TheGamingEconomy Daily Digest brings you the trending business stories in gaming. In today’s edition: Apple AR headset delayed until 2022; Stadia to launch with 12 titles; and Starbreeze submits plan to pay off debts.
Apple AR headset delayed until 2022
Apple is due to release an augmented reality (AR) headset in 2022, followed by a more ergonomic pair of AR glasses in 2023, according to an internal presentation obtained by The Information. The purported release date goes against analyst expectations, with late 2020 being the previous estimate for the launch. While the timing differs from previous reports, the presentation does corroborate last week’s leak revealing that Apple are working on developing an AR headset, although the sources have not stated whether Apple is working with Valve, Quanta Computer, and Pegatron, as suggested.
While the delay will prove disappointing to some, sources claim Apple is biding its time in order to further advance the technology beyond currently available versions, with 8K displays and enhanced depth to digital objects. Moreover, executives at the California-based tech giant are reported to be highly bullish at the potential behind its AR offering, telling staff that the later, more streamlined, versions of the glasses could eliminate the need for iPhones “within a decade”. Following the leak, Apple share price increased by 0.79% to USD$262.20 (£204.34) per share.
Stadia to launch with 12 titles
Google Stadia is set to launch on November 19th with a catalogue of 12 titles, with a further 14 due to be added before the end of 2019. Of the 26 titles due to feature on the cloud gaming platform in 2019, only one will be exclusive to Stadia, Tequila Works’ horror title Gylt, however further exclusives are expected next year, with original games to be produced by Google at their Stadia Games and Entertainment Studio in Montréal. Notably, Doom Eternal, which was used extensively as a demonstration of Stadia’s capabilities, to mixed reviews, has not been included in the 2019 launch window, and will instead make its full debut on the platform in 2020.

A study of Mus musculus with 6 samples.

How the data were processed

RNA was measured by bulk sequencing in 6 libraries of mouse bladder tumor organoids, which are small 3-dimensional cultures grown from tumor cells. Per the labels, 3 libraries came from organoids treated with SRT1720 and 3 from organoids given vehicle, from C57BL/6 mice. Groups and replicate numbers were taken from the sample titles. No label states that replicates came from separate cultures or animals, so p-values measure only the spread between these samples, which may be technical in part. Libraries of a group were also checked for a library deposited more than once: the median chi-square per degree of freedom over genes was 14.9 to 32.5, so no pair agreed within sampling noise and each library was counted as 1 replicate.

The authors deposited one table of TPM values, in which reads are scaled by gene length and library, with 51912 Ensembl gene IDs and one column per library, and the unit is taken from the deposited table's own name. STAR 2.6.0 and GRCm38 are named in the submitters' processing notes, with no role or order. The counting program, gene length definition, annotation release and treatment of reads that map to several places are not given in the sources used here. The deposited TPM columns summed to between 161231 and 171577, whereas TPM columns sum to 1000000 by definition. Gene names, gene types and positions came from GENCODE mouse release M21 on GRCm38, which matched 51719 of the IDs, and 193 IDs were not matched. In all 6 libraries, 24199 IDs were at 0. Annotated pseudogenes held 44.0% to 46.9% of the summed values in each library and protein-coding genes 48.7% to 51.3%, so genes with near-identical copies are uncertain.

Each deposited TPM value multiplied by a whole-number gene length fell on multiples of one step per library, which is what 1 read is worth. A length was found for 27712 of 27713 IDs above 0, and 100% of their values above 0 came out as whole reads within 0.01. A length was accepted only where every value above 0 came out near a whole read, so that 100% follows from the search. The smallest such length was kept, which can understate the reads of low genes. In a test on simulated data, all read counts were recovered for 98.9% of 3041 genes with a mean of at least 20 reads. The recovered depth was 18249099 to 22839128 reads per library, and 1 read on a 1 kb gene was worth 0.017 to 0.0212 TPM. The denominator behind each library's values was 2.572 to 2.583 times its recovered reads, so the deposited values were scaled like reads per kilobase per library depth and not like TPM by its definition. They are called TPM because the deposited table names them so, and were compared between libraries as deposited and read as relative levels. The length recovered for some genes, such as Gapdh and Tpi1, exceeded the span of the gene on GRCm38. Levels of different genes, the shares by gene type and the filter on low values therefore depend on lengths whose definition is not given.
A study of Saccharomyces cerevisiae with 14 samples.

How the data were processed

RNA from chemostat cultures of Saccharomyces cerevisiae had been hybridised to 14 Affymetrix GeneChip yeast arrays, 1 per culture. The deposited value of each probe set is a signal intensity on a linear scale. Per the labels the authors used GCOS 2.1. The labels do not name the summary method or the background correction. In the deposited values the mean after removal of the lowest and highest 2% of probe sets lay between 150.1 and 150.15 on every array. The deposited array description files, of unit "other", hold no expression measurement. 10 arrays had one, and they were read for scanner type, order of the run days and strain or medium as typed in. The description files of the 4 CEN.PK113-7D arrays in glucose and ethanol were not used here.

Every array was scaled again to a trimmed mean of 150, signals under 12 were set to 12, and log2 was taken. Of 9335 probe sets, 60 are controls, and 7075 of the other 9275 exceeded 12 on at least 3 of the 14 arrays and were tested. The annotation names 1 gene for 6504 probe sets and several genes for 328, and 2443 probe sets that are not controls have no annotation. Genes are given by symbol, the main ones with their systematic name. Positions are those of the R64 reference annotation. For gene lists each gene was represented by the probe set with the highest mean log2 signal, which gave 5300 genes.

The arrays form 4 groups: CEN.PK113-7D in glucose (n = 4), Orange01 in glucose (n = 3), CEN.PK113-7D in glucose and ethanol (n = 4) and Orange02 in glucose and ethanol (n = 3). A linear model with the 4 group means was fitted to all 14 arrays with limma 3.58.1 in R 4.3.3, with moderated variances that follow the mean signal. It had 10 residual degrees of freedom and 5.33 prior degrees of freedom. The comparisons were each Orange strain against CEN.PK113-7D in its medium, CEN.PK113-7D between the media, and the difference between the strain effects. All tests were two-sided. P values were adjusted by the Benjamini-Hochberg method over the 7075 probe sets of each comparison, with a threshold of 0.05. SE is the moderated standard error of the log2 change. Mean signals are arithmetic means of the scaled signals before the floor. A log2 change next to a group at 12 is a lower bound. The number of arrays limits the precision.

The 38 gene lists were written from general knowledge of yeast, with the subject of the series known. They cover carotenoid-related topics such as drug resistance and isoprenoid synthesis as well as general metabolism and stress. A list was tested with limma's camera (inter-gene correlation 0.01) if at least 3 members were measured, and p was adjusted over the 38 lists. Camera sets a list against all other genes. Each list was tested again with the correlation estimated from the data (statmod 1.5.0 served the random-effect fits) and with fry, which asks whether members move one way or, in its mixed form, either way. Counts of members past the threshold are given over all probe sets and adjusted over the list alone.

While many are viewing the initial selection of games available on Stadia as underwhelming, the staggered release of titles on the platform suggests Google executives are aiming for an open beta approach, in order to iron out any flaws in the service prior to the 2020 roll-out of its free tier and USD$9.99 (priced at £8.99 in UK) per month subscription package next year.
Starbreeze submits plan to pay off debts
Starbreeze has submitted its administrator-approved reconstruction plan and petition for composition negotiations to the Swedish District Court, proposing that the troubled Swedish developer will pay off its total debts, amounting to SEK395.7m (£31.76m), in full by the close of 2024. Under the proposals, the majority of creditors can either elect to receive repayment within 364 days with no interest payment, or within a maximum of five years with an interest rate of 5%. Separate proposals have been presented to Nordea and Smilegate, which hold a combined debt from Starbreeze of SEK320m (£25.7m), however it is understood that these debts will also be repaid in full within five years.
The repayment plan is conditional upon the singing of a publishing agreement for PAYDAY 3 and mobile title Payday: Crime War during the first half of 2020. Starbreeze recently split its core business unit into two subsidiaries as part of its ongoing restructuring process, having applied for an extension to its reconstruction period in September. Despite the firm’s financial struggles, an independent external accounting firm has valued Starbreeze’s assets at SEK1.6bn (£128.4m).